Politics can be a rather dull affair. I am still a newcomer to Italy and by extension to Italian politics. My knowledge of its power mechanism is sketchy. What I know, or let’s say what I think I know, is what I read in newspapers or what I picked up at my local language school. My impression so far is that politics is generally less taken seriously here and quite entertaining, a drama that makes you laugh and cry in short succession.
Umberto Bossi was one of the most prolific performers on this stage. He founded the Lega Nord 21 years ago, a party that has never been short of controversial ideas and policies. The secession of ‘Padania‘ (the Po Valley, or in other words North Italy) from the rest of Italy has been its main aim. Rom has been constantly targeted and accused by La Lega and Bossi of wasting north Italian money on south Italian projects which would only benefit the central government and the Mafia. The slogan Roma ladrona (loosely translated as: ‘Rome big thief’) was coined to propagate this view. But why was La Lega then part of all three Berlusconi governments (in Rome) since 2001? This is only one of many entertaining inconsistencies.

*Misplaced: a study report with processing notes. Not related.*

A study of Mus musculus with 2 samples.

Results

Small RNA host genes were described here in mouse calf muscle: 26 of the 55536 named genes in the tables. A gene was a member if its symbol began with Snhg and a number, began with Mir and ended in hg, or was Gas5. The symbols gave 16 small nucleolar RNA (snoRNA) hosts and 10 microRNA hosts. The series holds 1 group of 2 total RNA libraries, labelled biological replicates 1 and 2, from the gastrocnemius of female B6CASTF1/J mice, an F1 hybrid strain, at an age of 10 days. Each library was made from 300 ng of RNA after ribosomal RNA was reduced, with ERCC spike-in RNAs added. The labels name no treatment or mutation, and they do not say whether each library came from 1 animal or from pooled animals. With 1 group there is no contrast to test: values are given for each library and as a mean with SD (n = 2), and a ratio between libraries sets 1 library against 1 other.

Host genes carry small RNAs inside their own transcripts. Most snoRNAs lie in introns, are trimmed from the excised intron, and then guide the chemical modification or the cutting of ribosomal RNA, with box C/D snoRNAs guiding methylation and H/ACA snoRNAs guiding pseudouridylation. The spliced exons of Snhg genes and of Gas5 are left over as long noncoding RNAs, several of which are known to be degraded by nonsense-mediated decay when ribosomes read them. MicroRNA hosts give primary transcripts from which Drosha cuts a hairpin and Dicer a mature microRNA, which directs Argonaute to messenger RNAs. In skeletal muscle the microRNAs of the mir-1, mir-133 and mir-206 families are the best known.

Another one is the fact that Bossi was forced to resign due to an unfolding financial scandal (see The Economist‘s article: Italy’s Northern League). The former treasurer of the party, Belsito, is under suspicion of fraud, embezzlement and money-laundering. It is believed that taxpayer’s money belonging to the party was spent on Bossi’s family (travel expenses of Bossi’s children, refurbishment of Bossi’s house).
The interesting question now is: What does the future hold for this party? Does it have any? With the founder and dominant leader gone, its image of financial transparency and clarity undermined, the party could find itself in serious trouble. The local elections at the beginning of May will be a good indicator of its future chances. The big test however will be the next general elections. They have to take place in 2013. All parties jockey already for pole position. The political landscape is moving. There is talk that Casini is trying to assemble a new centrist party that could also include ministers of Mario Monti’s technocrat government (maybe Monti himself?). Does he plan to stay on as prime minister? Who knows. And how does a somewhat new Lega Nord fit in this emerging system?
It wouldn’t be Italy if we would have already all the answers.